Henrietta Lacks Receives Honorary Degree
ROBERT SIEGEL, Host:
If you've sat through any college graduation ceremonies, you've no doubt witnessed the awarding of many honorary degrees.
MICHELE NORRIS, Host:
Few of this year's honorees have had as much of an impact on our health as one woman recognized this weekend at Morgan State University in Baltimore. Her name was Henrietta Lacks.
SIEGEL: And she received the honorary degree posthumously. At commencement, Dr. Burney Hollis, a former dean at Morgan State, described her contributions.
BURNEY HOLLIS: She has attained a level and kind of immortality unreached by any other person in human history.
NORRIS: Lacks was a poor African-American woman with cervical cancer. Her story was told in an award-winning book published last year called "The Immortal Life of Henrietta Lacks." She died in 1951, but her cells lived on. A doctor at Johns Hopkins in Baltimore took some of them and created a cell line.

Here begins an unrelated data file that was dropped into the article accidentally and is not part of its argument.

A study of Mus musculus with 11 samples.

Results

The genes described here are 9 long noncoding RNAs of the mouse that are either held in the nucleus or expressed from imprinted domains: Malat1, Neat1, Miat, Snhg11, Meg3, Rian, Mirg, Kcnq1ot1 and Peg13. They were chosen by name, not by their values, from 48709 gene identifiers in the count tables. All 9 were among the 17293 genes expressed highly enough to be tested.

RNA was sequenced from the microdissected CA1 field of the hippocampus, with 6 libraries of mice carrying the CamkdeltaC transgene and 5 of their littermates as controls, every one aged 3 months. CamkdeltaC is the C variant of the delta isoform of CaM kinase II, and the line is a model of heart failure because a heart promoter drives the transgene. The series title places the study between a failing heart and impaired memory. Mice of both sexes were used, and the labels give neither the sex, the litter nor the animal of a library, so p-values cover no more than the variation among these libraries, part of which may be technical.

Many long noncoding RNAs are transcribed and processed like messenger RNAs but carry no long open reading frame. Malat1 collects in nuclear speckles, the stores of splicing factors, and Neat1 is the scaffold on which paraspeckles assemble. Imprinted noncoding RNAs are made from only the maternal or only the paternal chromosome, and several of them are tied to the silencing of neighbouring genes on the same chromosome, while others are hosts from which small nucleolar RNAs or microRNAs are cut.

HOLLIS: Though she never knew of her largesse and never consented to being a laboratory experiment, her cancer cells became the foundation for advancements in the treatment of mankind's most challenging forms of human affliction and suffering.
SIEGEL: Her cells were used for studies on the polio vaccine, on AIDS, on in vitro fertilization and on cancer. Her family didn't know. When they found out, they were angry. Some resented the fact that no benefit had come their way.
NORRIS: But at the Morgan State commencement, Henrietta Lacks' son, David "Sonny" Lacks Jr., became emotional as he received the degree for his mother.
DAVID: Excuse me again. I wait to get to be an old man to get emotional at my old age, but thank you for this honorary degree and thanks, everyone, for having me. Thank you very much.
SIEGEL: And so the late Henrietta Lacks, a poor uneducated farmer, now has a doctorate of public service.